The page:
Literary Landscapes: Following in the Footsteps of ‘Great’ British Writers
September 17, 2013
Britain has very distinctive national traditions when it comes to literature, from the Welsh Valleys where Dylan Thomas resided to the waters of Loch Katrine in Scotland, which inspired Sir Walter Scott’s poem ‘The Lady of the Lake’. It is easy to learn all about these great writers, see the landscapes where they grew up and discover plenty to ignite your own creativity on a trip. We’ve put together some of the highlights and trails.
For many, no playwright boasts more significance in history than the masterful Shakespeare. London’s Shakespeare’s Globe – a reconstruction of the original Globe Theatre – is still a popular venue for performances today, while in Stratford Upon Avon you can visit his illustrious home with Shakespeare’s Birthplace Tickets, to enjoy historic houses and learn about the events that shaped his life. The working Tudor farm was once home to Shakespeare’s daughter and her husband and the gardens surrounding these buildings are simply beautiful.
Edinburgh – a City of Literature
Scotland’s capital is a fantastic place to begin when it comes to seeking out literary history – a UNESCO City of Literature and a location that plays host to an international book festival every August. The list of authors linked to the city is extensive from Muriel Spark, Robert Burns and Robert Louis Stevenson to JK Rowling and Alexander McCall Smith. Find out more at the Edinburgh Writers’ Museum on the Royal Mile, before making your way to the Scott Monument on Princes Street, or heading a bit further out to Scotland Street, the setting for McCall Smith’s famed novel 44 Scotland Street.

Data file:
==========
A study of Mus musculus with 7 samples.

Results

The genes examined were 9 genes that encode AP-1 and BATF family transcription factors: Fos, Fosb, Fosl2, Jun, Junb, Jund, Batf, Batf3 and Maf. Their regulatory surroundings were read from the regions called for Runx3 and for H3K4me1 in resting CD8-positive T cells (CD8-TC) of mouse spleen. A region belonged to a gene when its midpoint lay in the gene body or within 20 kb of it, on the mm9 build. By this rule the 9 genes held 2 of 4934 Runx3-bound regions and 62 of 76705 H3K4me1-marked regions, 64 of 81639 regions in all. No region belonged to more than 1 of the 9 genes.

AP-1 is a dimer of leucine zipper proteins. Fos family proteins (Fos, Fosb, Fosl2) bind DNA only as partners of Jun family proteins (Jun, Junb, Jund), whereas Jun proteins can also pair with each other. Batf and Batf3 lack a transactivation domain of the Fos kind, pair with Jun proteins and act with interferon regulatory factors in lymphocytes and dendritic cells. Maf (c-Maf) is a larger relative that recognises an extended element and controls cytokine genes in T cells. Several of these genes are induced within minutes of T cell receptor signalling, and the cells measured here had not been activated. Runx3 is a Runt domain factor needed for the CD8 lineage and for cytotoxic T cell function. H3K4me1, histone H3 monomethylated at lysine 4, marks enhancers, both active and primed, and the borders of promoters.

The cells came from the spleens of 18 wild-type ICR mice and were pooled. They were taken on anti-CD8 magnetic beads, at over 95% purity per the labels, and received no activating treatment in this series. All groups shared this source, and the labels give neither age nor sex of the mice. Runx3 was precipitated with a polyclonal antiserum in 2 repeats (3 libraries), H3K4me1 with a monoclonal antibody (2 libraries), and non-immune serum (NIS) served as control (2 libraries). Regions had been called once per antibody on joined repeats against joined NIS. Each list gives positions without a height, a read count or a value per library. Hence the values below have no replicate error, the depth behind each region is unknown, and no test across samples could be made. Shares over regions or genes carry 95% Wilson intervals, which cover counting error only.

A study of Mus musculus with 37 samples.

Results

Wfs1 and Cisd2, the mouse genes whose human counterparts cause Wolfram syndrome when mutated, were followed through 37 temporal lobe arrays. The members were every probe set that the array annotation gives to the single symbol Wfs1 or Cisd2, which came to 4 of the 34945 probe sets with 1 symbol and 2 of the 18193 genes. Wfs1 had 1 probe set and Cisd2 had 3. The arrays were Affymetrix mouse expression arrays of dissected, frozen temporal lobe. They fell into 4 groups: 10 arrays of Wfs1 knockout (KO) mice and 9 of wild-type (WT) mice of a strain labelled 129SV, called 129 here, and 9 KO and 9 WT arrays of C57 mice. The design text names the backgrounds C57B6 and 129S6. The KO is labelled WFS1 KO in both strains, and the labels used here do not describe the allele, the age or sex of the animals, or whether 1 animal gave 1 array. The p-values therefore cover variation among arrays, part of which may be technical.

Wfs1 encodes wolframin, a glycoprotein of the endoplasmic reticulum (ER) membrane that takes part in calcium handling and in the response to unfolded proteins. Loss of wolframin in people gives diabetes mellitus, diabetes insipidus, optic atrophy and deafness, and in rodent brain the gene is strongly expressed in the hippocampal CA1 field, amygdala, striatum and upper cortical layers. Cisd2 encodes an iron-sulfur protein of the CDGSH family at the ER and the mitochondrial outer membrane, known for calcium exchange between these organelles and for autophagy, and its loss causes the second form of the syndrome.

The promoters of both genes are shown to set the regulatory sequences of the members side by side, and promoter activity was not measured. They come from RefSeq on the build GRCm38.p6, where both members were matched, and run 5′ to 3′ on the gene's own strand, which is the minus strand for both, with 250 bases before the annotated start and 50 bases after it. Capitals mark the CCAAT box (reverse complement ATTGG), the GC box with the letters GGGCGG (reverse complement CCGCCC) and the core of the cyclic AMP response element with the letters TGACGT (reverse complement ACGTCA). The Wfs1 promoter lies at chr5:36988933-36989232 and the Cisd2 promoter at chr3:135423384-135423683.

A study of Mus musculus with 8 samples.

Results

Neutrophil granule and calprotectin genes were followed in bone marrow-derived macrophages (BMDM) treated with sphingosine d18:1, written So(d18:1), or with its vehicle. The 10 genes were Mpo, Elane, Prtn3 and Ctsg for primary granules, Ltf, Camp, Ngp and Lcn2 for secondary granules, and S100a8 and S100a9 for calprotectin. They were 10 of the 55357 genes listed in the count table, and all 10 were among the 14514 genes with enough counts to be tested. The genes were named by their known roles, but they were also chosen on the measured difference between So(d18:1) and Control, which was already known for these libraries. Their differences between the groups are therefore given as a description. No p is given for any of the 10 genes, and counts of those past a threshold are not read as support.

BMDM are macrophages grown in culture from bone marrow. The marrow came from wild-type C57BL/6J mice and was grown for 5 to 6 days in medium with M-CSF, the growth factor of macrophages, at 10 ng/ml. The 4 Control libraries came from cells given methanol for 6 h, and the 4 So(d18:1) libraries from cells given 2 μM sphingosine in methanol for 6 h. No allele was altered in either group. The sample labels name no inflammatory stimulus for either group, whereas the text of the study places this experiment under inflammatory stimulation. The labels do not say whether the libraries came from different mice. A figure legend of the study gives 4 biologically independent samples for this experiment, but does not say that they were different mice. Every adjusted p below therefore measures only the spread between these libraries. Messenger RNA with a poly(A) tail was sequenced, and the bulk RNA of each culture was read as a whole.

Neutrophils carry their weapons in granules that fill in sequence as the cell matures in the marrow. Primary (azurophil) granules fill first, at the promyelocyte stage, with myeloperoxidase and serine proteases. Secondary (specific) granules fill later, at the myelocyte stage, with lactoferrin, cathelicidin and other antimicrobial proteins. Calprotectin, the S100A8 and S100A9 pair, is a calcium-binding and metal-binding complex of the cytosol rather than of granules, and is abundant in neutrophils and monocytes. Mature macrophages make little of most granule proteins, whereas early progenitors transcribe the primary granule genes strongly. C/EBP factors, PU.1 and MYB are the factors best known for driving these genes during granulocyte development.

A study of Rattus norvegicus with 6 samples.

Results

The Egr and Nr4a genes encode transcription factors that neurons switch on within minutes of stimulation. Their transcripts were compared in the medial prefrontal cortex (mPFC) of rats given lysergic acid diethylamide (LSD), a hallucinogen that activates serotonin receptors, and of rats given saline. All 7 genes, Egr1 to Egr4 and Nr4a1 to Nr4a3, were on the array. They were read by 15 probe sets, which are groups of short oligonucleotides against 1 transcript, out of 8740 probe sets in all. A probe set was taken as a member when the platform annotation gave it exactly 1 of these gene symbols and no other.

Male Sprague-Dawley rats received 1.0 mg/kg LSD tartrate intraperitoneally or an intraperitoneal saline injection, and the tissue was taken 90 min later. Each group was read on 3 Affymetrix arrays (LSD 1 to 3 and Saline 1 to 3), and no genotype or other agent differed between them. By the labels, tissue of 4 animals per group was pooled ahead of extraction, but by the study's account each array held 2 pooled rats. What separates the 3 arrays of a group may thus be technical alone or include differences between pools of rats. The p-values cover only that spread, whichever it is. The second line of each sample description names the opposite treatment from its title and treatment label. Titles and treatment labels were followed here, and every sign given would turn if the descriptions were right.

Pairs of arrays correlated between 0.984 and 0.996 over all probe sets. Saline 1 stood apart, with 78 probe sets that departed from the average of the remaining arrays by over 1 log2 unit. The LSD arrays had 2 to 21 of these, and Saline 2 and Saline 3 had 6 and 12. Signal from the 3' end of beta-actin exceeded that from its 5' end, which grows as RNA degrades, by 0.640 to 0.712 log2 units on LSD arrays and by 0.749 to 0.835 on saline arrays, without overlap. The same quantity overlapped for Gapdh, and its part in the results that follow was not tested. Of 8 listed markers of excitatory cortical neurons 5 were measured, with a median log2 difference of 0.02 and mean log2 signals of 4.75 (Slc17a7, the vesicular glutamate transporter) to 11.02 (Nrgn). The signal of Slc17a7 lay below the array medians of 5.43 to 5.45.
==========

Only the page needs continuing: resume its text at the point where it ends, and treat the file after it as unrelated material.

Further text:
Grab a coffee at The Elephant House café where JK Rowling wrote parts of Harry Potter – it’s not surprising that she found magic in this beautiful city!
The Bronte sisters have long been revered for their works about breaking societal norms and pushing the boundaries of love. Heathcliff and Rochester have become heroes to many and the landscapes of the wild Yorkshire moors a place of heartache and romance. Charlotte, Emily, Anne and their brother grew up in Haworth, and today visitors can enjoy a museum dedicated to their memory, or ride the local steam train to step back in time.
Another novel inspired by the landscapes of Yorkshire was Count Dracula by Bram Stoker – for example Whitby Abbey provided a refuge to the vampire after he docked in the town.
Dylan Thomas’s Wales
Visiting South Wales is the best way to step into the life of Dylan Thomas and there are several sites, including the Dylan Thomas Centre, the Mumbles – a beautiful little village by the sea where you can get a bite to eat – and the Gower Way – a coastal path – that truly allow you to appreciate the landscapes that inspired his works from glorious beaches to rocky cliffs.
Literary hotspots are easy to find if you visit Britain, and if you are a writer it certainly helps to follow in the footsteps of creative geniuses.